Amina Inloes, Amina Inloes is originally from the US and has a PhD in Islamic Studies from the University of Exeter on Shi'a hadith. She is the program leader for the MA Islamic Studies program at the... Answer updated 1 year ago

Addendum: It may depend on whether one is using the term for matters of religious law (such as marriage) or in a theological sense. It also depends on how one is using the word "agnostic".

In a theological sense, the Qur'anic term "kafir" is used for those who deny the existence of God or the blessings of God, or God's message, not for those who are genuinely uncertain. 

Insofar as an agnostic person neither affirms nor denies these things, and really doesn't know, they are somewhere in the middle (neither mu'min nor kafir). 

Some people call themselves "agnostic" because they dislike organised religion (for instance, they had a bad impression of it growing up) but they don't reject the idea of the divine. So this is not theologically the same thing as a "kafir". What it means is that they do not identify as part of a specific religious group, and also are not sure what they believe personally. Oftentimes, this type of agnostic is a genuine seeker of the truth and is in flux since they haven't found answers to their questions yet.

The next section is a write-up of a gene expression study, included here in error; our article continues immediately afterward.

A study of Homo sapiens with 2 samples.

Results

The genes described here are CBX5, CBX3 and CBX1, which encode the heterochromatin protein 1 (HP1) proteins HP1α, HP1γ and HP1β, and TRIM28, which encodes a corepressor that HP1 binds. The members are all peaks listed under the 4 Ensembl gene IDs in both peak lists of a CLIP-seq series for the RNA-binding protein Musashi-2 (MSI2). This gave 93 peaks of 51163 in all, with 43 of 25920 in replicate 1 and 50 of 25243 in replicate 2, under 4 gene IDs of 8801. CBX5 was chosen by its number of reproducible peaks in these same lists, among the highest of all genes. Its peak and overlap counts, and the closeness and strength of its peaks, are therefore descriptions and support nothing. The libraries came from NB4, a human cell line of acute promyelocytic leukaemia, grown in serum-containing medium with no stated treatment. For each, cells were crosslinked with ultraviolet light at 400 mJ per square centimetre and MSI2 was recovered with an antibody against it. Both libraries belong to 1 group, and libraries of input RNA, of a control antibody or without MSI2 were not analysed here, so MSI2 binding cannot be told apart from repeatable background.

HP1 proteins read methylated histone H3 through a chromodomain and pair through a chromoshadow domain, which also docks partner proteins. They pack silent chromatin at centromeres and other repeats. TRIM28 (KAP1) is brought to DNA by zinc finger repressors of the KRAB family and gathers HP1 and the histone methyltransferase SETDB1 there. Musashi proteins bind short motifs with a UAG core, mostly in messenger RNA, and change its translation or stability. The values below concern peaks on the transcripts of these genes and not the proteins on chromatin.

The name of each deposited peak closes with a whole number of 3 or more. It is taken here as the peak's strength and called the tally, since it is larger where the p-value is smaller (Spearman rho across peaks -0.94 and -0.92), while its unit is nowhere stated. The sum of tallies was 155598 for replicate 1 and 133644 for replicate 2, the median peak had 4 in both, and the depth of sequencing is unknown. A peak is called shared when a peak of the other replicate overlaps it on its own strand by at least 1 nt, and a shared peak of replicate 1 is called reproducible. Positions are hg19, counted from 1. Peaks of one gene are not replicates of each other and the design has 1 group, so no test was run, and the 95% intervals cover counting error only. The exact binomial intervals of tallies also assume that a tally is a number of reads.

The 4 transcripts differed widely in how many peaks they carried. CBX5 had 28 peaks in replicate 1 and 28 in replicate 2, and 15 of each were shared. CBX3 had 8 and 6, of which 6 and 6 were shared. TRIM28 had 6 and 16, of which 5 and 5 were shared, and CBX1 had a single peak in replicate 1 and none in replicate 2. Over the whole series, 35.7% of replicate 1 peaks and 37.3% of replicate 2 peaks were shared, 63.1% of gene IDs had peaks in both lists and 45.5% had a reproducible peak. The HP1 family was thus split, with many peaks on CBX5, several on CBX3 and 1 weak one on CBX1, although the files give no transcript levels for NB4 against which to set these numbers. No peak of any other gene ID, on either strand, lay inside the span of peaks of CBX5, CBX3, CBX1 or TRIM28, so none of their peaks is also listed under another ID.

However some people use "agnostic" as a loose synonym for atheism or just not caring enough to think about spiritual matters, and so this type of person could be called a kafir, meaning that they are fully engrossed in the material world and heedless of anything else.

Today there is a tendency to use "kafir" casually as a synonym for "non-Muslim". However, because we live in a sensitive era, it is good to be sensitive and thoughtful about how we use language (not the least because some people are killed on grounds of takfir). This is why when working with Qur'anic texts, I personally try to avoid translating "kafir" as "disbeliever" (or, even worse, "infidel") and instead go for a more literal translation along the lines of "deniers".

Also, it is good to remember that the Prophet and Imams were open to having dialogue with people who were not sure about their beliefs. If they were just called "kafirs" and rejected, Islam wouldn't have spread.